10/03/2014 02:32 pm ET Updated Dec 06, 2017

Americans Don't Plan on Dying


Last week the Institute of Medicine (IOM), the health arm of the National Academy of Sciences, issued a report on dying in America. Our system for managing end-of-life care received a failing grade.

If death is in your future, you may want to read this.

The IOM's mandate is to ask and answer the nation's most pressing questions about health and health care. So what makes the way our country manages the last chapter of life such a pressing issue?

Dying is not what it used to be.

It happens later and lasts longer. The average life expectancy at birth in 1900 was 47. That figure has now been extended to 79, a remarkable increase of 32 years. Antibiotics and vaccines provided the life-saving interventions that prevented the premature death of children as well as knocking out most fatal adult infectious disease. These short-term conditions were cured. The patients returned to the normal trajectory of their lives. By 1960 the average life expectancy at birth had reached 69.7.

This success redefined the predominant cause of death. In the later half of the 20th century long-lasting diseases (cancer, cardiovascular disease, diabetes) became the number one killers, rather than infectious disease. These diseases cause a progressive deterioration in health.

It is debatable whether the increase in life span since the 1960s has prolonged healthy years or extended a period of progressive disability.

Where we die has also changed. We no longer die at home surrounded by family and friends with the organizing presence of a familiar religious figure. We die in large institutions surrounded by professional strangers and the cacophony of modern medical technology.

One of the most important drivers for the IOM report was the discrepancy between personal preference and the clinical practice of end-of-life care. Taking something as seemingly simple as the issue of where we die illustrates the problems and some steps you can take to protect yourself.

Seven out of 10 Americans say they would prefer to die at home. The reality, nearly 70 percent of us die in a hospital, nursing home or long-term facility.

Site of death is considered a quality measure for end-of-life care. It is thought to have a significant effect on the grief and posttraumatic stress disorders experienced by family members. Studies have reported better quality of care at home. A recent study documented a trend of increased ICU stays and "transitions" (moves from one health care facility to another) in the last month of life.

How could the desire to die at home not be honored?

In the vast majority of cases doctors don't know where their patients want to die. This essential conversation usually does not occur. Less than one in three Americans report having an advanced directive such as a living will. In other words, 70 to 80 percent of us have not taken the necessary steps to dictate where we die.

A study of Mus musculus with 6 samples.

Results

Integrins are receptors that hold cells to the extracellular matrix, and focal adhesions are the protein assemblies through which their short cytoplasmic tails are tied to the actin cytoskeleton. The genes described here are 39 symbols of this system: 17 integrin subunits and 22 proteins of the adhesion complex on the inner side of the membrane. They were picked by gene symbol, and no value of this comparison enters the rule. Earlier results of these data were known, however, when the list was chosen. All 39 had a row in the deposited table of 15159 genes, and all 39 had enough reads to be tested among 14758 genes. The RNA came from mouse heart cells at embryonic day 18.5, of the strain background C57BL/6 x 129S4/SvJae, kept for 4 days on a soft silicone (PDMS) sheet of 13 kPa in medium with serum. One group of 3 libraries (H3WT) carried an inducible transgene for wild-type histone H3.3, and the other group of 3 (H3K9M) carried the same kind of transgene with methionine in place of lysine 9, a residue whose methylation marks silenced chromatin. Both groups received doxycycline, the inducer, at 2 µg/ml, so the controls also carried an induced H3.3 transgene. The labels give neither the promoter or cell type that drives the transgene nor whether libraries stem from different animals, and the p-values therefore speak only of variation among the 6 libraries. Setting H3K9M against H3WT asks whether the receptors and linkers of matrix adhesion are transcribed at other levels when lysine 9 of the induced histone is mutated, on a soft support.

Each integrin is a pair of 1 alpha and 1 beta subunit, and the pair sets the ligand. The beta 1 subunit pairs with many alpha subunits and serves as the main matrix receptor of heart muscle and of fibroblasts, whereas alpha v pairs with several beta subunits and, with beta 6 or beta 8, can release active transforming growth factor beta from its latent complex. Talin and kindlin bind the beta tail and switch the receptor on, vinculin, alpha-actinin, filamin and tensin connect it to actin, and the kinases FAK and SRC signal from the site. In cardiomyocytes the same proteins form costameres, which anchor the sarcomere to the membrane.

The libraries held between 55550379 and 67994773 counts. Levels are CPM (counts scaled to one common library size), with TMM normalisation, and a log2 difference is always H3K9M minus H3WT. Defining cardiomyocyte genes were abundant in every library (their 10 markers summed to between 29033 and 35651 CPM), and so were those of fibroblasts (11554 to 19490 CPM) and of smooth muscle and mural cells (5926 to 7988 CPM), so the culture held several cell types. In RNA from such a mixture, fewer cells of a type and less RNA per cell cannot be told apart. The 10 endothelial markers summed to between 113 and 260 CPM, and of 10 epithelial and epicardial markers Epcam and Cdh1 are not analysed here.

When I say Americans don't plan on dying, I mean it both literally and figuratively. We spend more time, energy and forethought planning a vacation than addressing the end of our life, an event every medical study agrees will occur. Yet we act as if death is something that happens to other people.

This denial also manifests on a policy level. Medicare, the federal program established to provide health care to those 65 and older, does not pay for a doctor's appointment to discuss a patient's end-of-life care preferences.

In the absence of living wills, patients receive aggressive care. Their ability to communicate their preferences is often compromised in these settings. The default mode is aggressive curative care. A recent study indicated that in one year, Medicare pays about $50 billion for doctor and hospital bills during the last two months of patients' lives. This exceeds the budget of Homeland Security or the Department of Education.

Many people who do not want to die in an intensive care unit, intubated, on a respirator, pierced by a web of intravenous lines are dying this way. For these individuals, this is worse than death. We cannot prevent death, but we can dictate how we want to be cared for at the end of our lives.

What You Can Do:

Speak with family and health care professionals about your preferences for end-of-life care. Create (and update should your feelings change) a living will to define your preferences and protect yourself from unwanted interventions.

Support efforts to fund palliative and hospice care designed to make patients as comfortable as possible and to offer support to their caregivers.